Triathlon Ironman World Championships

Donnacha truly becomes on Ironman


Thumbs up from Donnacha Holmes after finishing the 3.9km Ho’ala Swim last Saturday evening as a warm-up for his manin event next Saturday - the Ironman World Championships

Donnacha Holmes will truly join an elite band of sports people when the Carrick-on-Shannon native competes in one of the world's toughest endurance events - the Ironman World Championships in Hawaii!

Hawaii – a far off set of North Pacific Islands, as far away as you can actually go from Ireland before doubling back on yourself – plays host to the Ironman World Championships and for the first time ever a Leitrim athlete will grace the waters and roads of the infamous island event.

While most of us will be well wrapped up in our beds in the early hours of Saturday night/ Sunday morning, Donnacha reaches the pinnacle of triathlon competition having qualified for the event at Ironman Maryland in October with a win in his age group and taking fifth overall in a field of nearly 1500 competitors.

Holmes has had a rollercoaster past three years with highs of sub 9.10 hours Ironmans to lows of lying on the side of the road atop Sliabh an Iarainn after a serious training bike crash which left him with broken bones and dented hopes of achieving a long standing ambition of competing at the Ironman World Championships.

The Lough Key Tri Club man has fought back from a career threatening injury to be stronger and more focused than ever before and now sees himself line up at 6pm Irish time on Saturday evening to take on the daunting course renowned for searing heat and strong island winds.

This year’s event is the 40th edition of the race with participants having qualified for the World Championships from a range of Ironman events that have taken place all over the world with top finishers in each of the races and age groups given the chance to race all together and to be crowned Ironman world champion, both an overall basis but also a coveted Age Group Championship basis.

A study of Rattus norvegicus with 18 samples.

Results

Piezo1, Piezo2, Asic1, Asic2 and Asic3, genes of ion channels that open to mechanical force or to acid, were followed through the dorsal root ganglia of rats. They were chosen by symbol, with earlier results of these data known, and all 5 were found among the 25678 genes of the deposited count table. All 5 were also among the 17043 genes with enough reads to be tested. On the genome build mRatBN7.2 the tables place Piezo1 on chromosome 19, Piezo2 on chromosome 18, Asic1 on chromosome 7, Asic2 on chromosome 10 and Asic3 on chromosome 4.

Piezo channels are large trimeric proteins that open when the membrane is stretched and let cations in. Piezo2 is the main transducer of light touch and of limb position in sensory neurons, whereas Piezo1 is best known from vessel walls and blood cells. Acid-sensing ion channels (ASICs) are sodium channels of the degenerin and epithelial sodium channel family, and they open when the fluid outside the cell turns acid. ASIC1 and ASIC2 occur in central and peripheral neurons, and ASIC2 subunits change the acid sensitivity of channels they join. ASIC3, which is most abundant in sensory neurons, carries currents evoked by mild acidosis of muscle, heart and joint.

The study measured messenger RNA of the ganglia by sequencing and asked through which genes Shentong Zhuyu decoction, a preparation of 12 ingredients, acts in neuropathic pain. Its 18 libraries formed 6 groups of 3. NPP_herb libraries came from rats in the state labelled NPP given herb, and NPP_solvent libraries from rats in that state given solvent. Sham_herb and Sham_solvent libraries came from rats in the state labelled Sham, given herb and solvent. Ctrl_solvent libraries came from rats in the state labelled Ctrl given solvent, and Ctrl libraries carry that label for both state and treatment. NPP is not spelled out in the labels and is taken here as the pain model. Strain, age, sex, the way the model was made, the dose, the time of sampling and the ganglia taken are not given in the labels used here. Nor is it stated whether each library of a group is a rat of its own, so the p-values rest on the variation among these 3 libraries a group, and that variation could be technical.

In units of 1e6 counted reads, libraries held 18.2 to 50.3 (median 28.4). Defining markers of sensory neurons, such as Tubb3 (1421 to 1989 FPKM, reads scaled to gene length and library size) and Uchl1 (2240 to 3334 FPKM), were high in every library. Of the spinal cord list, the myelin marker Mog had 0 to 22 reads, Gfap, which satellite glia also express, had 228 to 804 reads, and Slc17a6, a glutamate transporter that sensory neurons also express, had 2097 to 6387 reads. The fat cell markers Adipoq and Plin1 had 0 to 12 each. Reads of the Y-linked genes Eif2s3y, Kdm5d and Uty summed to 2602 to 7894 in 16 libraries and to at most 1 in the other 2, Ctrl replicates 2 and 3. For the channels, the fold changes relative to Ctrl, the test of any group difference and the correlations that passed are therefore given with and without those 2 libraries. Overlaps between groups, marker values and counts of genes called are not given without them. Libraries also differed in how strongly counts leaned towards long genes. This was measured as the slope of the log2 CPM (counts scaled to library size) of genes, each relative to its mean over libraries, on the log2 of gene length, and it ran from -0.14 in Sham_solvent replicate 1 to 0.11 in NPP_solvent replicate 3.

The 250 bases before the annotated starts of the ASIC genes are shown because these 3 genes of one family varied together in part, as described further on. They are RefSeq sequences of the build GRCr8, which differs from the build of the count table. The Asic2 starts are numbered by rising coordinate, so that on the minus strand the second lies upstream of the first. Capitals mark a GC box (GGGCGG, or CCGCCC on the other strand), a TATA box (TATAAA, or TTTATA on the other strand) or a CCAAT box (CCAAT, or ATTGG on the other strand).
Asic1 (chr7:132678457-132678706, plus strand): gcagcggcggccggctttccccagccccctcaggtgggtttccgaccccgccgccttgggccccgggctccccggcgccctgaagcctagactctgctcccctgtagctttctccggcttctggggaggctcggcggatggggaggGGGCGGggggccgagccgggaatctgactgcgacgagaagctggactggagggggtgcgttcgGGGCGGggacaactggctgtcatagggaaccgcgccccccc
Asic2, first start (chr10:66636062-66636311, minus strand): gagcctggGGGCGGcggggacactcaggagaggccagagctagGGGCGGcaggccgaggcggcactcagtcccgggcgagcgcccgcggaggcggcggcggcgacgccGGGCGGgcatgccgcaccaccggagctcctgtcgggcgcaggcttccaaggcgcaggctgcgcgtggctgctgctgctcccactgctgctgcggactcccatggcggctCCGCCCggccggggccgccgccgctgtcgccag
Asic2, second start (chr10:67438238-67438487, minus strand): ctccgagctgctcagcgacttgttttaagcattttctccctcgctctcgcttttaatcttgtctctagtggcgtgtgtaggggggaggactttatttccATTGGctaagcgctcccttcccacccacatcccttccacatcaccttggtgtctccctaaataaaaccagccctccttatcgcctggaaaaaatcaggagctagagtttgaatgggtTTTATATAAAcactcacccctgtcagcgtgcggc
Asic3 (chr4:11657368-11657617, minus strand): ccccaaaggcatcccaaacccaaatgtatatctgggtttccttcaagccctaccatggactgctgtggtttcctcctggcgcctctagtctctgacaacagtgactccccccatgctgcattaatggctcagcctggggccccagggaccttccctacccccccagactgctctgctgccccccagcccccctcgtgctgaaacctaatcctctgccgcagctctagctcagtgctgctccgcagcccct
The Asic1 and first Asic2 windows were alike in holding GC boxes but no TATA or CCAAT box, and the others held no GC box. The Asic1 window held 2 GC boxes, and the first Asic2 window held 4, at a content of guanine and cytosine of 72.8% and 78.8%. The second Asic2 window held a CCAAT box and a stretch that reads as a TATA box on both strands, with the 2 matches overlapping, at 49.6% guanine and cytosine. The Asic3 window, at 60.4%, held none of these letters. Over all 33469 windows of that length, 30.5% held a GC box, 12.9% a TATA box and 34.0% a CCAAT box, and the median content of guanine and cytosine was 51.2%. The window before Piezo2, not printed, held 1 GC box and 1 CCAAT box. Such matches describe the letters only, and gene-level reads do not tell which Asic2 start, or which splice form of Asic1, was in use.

There are a number of Irish qualifiers taking part with most having made the two day trek to Hawaii up to two weeks in advance of the race to acclimatise to the hot temperatures and winds.

Donnacha continued his race prep in Hawaii on Saturday evening taking part in the 3.9km Ho’ala Swim race finishing in a time of 1hr 8 mins and well up the field which included some of the top competitors who will take part in this week-ends race.

Speaking from Hawaii on Friday last, Holmes was happy with how things have gone so far while over there but was still struggling a little with the heat over there – speaking about the bike & run route he said “It’s a fast smooth course with good rolling hills and as long as the wind doesn’t become much heavier it’ll be ok.

“The run though is just a different story. It takes so much effort to run, what might be 40 secs per km faster at home. It’s crazy!”

Donnacha has began to find his run feet in more recent days though and is confident of a good performance, lapping up the atmosphere though mingling with the large number of professional athletes in the field and states it is by far the ‘friendliest’ atmosphere of any Ironman race he has competed in so far.

Donnacha also thanked the numerous local businesses and people who have helped him with sponsorship in recent months to make this mammoth trip possible in the first place.

Donnacha’s race kicks off at 6pm Irish time on Saturday evening and can be viewed live on the ‘Ironman Now’ Facebook page with full commentary and insight into the race throughout.

SO WHAT EXACTLY IS AN IRONMAN?

The inaugural Hawaiian Ironman Triathlon was in 1977 as a way to challenge athletes who had seen success at endurance swim, running and biathlon events. Honolulu-based Navy couple Judy and John Collins proposed combining the three toughest endurance races in Hawaii (the 3.9km Waikiki Roughwater Swim, 180km of the Around-O'ahu Bike Race and the 42km Honolulu Marathon) into one event.

In 1978, 15 people came to Waikiki to take on the Ironman challenge. Prior to racing, each received three sheets of paper with a few rules and a course description. The last page read: "Swim 3.9km! Bike 180km! Run 42km! Brag for the rest of your life!". In 1981, the race moved from the tranquil shores of Waikiki to the barren lava fields of Kona on the Big Island of Hawaii. Along the Kona Coast, black lava rock dominates the panorama, and athletes battle the "hoomumuku" crosswinds of 70kph, 35 deg temperatures and a scorching sun.

The Ironman World Championship centres on the dedication and courage exhibited by participants who demonstrate the Ironman mantra that ‘anything is possible’. Over 2,000 athletes will embark on a journey that presents the ultimate test of body, mind and spirit to earn the title of Ironman.